So I have baked a lot of bread this weekend, if you count Friday. Friday saw the BBA pugliese.
I liked it, but it didn't turn out the way I expected it to. It wasn't as soft as it looked like it would be in the book photo. The book photo bread is all squooshed down on top, as if it has a ciabatta-like, softer crust. Also, my crumb wasn't near as open. But, it was still nice, sort of like a generic Italian bread.
Yesterday I started to bake some sandwich bread (just my usual recipe), but then the day got short on me and I ended up putting the shaped loaves in the fridge for overnight. I baked them this morning before church, and they seem different. I haven't sliced them yet, but it does seem like the crust might be a little chewier. There are lots of little blisters all over the crust, too, which they usually don't have. It will be interesting to see what the crumb texture (and flavor) are like.
I also baked Bill's sourdough pagnotta today with my new starter. Now this is a bread I can get behind!!! With a big, wide open mouth!
It's gorgeous, albeit a bit flat. It's such a wet dough that I just don't think it can do much. But my starter performed wonderfully, doubling the dough in 4 hours and doubling the shaped boules in 3 hours. Fantastic. I did a few things differently than the recipe--I made up a sponge last night, using the starter, water, and just the AP flour. Let it sit overnight on the counter. It was super sour and foamy this morning, which worried me, bc I don't like really sour bread. But I kept going. I used KAF AP, KAF bread, and then for that last 100 g of flour, I substituted organic whole wheat graham flour from Hodgson Mill. It made a beautiful dough. I also used gray sea salt from France. And, I mixed the dough in my mixer rather than doing all of the folds. It took about 10 minutes at med-high speed to get a windowpane.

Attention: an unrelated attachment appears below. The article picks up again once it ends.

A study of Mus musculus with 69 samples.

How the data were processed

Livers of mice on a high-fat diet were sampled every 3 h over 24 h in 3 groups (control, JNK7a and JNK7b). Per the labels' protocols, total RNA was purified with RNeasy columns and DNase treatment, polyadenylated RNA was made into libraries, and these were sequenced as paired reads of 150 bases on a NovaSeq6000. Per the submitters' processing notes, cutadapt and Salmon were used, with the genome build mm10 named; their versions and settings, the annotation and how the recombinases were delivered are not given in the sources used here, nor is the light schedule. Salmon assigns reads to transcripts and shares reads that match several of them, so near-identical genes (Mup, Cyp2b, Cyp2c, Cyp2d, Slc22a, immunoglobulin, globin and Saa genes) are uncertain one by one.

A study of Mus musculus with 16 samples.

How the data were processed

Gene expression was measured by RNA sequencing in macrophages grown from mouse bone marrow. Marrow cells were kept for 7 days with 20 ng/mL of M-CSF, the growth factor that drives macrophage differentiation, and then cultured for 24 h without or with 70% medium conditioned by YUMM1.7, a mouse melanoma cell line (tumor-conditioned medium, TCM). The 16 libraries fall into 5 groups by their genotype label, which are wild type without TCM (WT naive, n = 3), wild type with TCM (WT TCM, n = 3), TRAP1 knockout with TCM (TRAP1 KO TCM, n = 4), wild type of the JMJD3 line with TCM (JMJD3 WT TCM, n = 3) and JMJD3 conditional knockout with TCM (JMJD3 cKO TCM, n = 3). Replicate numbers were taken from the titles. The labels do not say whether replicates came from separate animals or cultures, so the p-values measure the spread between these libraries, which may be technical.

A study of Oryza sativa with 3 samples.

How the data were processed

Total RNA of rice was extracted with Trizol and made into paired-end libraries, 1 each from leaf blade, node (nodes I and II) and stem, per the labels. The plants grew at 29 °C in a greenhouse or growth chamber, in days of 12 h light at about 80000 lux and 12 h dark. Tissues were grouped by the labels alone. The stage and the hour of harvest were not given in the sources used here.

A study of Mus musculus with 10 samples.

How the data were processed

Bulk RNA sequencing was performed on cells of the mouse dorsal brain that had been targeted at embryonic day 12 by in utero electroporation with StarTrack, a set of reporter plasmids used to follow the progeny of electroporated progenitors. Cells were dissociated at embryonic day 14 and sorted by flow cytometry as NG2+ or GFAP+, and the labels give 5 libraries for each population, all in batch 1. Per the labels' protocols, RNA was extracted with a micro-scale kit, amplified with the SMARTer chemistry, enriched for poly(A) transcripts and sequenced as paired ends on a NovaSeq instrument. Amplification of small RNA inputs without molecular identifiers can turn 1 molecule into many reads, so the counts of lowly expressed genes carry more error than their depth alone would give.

I proofed the shaped boules in improvised bannetons, namely wood salad bowls lined with smooth kitchen towels and dusted with flour. Baked them at 500 for 20 minutes and did the steam thing (I baked the first loaf without the steam, and it got less oven spring than the other two).
The crust is thin, crisp but chewy, and nice and brown. The crumb is open, holey, smooth and moist (almost tastes buttery). And most importantly, it isn't too sour...it's just right. And so, count me as another "Bill's Sourdough Pagnotta" convert!